The second installment in the nine-book set, Little House on the Prairie (after which the television series was named), has sold tens of millions of copies and has been translated into numerous foreign languages.
The wholesome tales about a frontier family of homesteader have not only been popular with the masses, but are also revered in more select circles. The American Library Association, for instance, presents the Wilder Award to the author or illustrator whose work has made a “substantial and lasting contribution” to children’s literature.
The first book, Little House in the Big Woods, is a quasi-autobiographical account of Ingalls Wilder’s daily life as a child in 19th century Wisconsin. Published in 1932, it is plainly — and warmly — told in the third person. The five Ingallses, snug in a sturdy log home surrounded by a forest full of wild critters, are the personification of faith, family, and freedom.
Although they have scant free time or wealth and must toil endlessly, they don’t come across as pitiful, even when the reader learns that a corncob wrapped in a cloth doubles as Laura’s first doll. Laura’s stories have always been a very welcome addition to the early American historical record, in part
because Ingalls Wilder succeeded in giving the proud pioneers of yesteryear a voice — and a sincere, feminine one at that.
Laura, as those of us familiar with the doings in the "Big Woods" know, is cared for by a pair of enterprising parents whom she calls “Ma” and “Pa.” Ma — Caroline Ingalls — could fashion straw hats from scratch, make her own cheese and smoke and butcher meat. Her abilities as a seamstress weren’t limited to decorative quilts, either. She had to create clothes, sans a sewing machine, sturdy enough to protect her loved ones through frigid weather.
Pa — Charles Ingalls — was no leisurely patriarch. His job was to hunt and fish, or his wife and daughters would starve. Pa made his own bullets, greased his traps, traded his furs at the general store, drove the covered wagon (and the horses), and hewed the logs. Mobility was also his fate. Pa would take advantage of the Homestead Act of 1862 to acquire land in De Smet, South Dakota, the setting for the Little Town on the Prairie segment.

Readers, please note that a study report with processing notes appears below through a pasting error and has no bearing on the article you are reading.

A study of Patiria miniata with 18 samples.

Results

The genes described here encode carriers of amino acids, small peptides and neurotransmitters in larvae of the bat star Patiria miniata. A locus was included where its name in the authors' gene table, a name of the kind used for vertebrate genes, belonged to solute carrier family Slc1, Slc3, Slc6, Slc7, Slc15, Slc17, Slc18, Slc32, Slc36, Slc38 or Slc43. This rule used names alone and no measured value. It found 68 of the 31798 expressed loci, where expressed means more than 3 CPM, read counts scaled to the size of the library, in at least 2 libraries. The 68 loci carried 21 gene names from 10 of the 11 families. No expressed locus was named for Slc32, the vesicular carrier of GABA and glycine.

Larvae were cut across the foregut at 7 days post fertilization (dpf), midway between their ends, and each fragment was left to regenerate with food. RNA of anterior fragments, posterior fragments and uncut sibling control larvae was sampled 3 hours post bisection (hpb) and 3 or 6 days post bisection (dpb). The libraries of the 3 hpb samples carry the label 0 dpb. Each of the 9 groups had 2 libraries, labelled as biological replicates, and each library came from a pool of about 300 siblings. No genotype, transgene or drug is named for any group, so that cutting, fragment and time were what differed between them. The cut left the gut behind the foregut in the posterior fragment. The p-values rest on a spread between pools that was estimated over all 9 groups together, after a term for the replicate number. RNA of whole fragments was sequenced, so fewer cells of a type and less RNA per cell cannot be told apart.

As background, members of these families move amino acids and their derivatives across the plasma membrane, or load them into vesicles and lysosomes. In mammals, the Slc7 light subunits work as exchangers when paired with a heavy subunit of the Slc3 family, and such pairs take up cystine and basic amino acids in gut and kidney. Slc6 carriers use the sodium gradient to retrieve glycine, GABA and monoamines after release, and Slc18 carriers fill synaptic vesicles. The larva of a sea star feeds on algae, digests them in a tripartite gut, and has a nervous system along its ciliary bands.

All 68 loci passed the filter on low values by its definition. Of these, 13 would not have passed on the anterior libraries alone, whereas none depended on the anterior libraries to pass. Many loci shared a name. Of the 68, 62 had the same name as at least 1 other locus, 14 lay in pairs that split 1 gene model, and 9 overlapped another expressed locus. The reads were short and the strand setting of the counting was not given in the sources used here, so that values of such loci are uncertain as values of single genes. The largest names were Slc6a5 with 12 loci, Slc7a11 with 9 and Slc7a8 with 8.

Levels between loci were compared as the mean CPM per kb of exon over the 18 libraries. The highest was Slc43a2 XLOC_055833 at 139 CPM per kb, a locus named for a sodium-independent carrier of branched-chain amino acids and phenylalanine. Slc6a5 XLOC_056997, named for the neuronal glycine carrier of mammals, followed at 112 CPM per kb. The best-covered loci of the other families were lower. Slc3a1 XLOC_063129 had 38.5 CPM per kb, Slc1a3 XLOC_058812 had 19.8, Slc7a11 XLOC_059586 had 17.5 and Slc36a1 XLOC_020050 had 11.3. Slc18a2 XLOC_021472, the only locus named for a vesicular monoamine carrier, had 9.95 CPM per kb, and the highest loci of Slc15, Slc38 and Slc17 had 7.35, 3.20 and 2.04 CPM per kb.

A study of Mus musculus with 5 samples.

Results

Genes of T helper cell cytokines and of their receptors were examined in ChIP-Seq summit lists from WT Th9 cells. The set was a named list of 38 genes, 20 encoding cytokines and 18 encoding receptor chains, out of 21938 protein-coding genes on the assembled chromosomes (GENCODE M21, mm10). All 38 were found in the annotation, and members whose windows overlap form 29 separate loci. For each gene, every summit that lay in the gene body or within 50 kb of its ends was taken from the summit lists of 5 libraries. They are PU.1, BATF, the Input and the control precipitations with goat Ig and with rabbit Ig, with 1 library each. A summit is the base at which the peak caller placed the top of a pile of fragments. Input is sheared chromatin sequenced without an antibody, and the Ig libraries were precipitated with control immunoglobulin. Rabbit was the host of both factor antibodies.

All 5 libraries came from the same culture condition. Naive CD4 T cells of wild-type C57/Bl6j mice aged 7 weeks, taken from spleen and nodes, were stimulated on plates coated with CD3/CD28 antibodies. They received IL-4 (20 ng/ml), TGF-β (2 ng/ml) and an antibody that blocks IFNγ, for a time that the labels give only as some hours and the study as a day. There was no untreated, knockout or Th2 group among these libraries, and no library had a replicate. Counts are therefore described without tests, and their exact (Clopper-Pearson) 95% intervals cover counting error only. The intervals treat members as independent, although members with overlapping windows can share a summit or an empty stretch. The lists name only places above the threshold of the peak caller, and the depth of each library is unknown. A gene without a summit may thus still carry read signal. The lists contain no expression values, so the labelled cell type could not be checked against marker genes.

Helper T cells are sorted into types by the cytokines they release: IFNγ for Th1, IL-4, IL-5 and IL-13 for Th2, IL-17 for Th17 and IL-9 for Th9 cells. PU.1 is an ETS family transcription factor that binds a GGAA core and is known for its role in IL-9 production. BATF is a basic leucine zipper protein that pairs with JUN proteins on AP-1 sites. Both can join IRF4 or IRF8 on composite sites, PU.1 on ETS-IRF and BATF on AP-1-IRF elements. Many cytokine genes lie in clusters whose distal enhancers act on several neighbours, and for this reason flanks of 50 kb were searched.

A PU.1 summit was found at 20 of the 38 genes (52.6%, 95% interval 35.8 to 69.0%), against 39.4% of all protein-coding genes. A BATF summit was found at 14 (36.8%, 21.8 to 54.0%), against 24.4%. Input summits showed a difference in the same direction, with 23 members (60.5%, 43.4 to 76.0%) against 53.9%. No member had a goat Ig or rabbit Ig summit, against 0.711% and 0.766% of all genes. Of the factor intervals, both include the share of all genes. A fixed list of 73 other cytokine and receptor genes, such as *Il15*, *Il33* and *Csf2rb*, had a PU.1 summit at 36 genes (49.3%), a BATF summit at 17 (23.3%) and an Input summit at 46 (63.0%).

Imagine, Laura’s parents’ adventures didn’t include generous farm subsidies, WIC food packages, or any other government safety net. They even had time to supervise and entertain their children — Pa supplying the stories, Ma supplying the paper dolls, and God supplying the great outdoors.
To jaded ears, Ingalls Wilder’s descriptions of her lot might seem as quotidian as the calico frocks she wore. But they harken to a time when Americans seemed grateful and content with less amenities, and "wellbeing" was a silly buzzword yet to be born.
She writes: “When Laura and Mary had said their prayers and were tucked snugly under the trundle bed’s covers, Pa was sitting in the firelight with the fiddle. Ma had blown out the lamp because she did not need its light. On the other side of the hearth she was swaying gently in her rocking chair, and her knitting needles flashed in and out above the sock she was knitting. The long winter evening of firelight and music had come again.”
Laura’s husband, Almanzo Wilder, whom she met in the Dakota Territory, also rated a book. Farmer Boy details his growing up on a working farm in upstate New York. Like their forebears, the Wilders would be industrious, long-suffering, and blessed. The union of Laura and Almanzo produced an intelligent, spirited daughter, Rose Wilder Lane, born in 1886. In a tribute to Rose, the Cato Institute, the Washington D.C. think tank, has lauded her as a “crusading libertarian writer.”
Laura Ingalls Wilder died at age 90, in Mansfield, Missouri, on Feb. 10, 1957. Fittingly, her life, which began in the Heartland, also ended there.
Thankfully, her charming chronicles live on.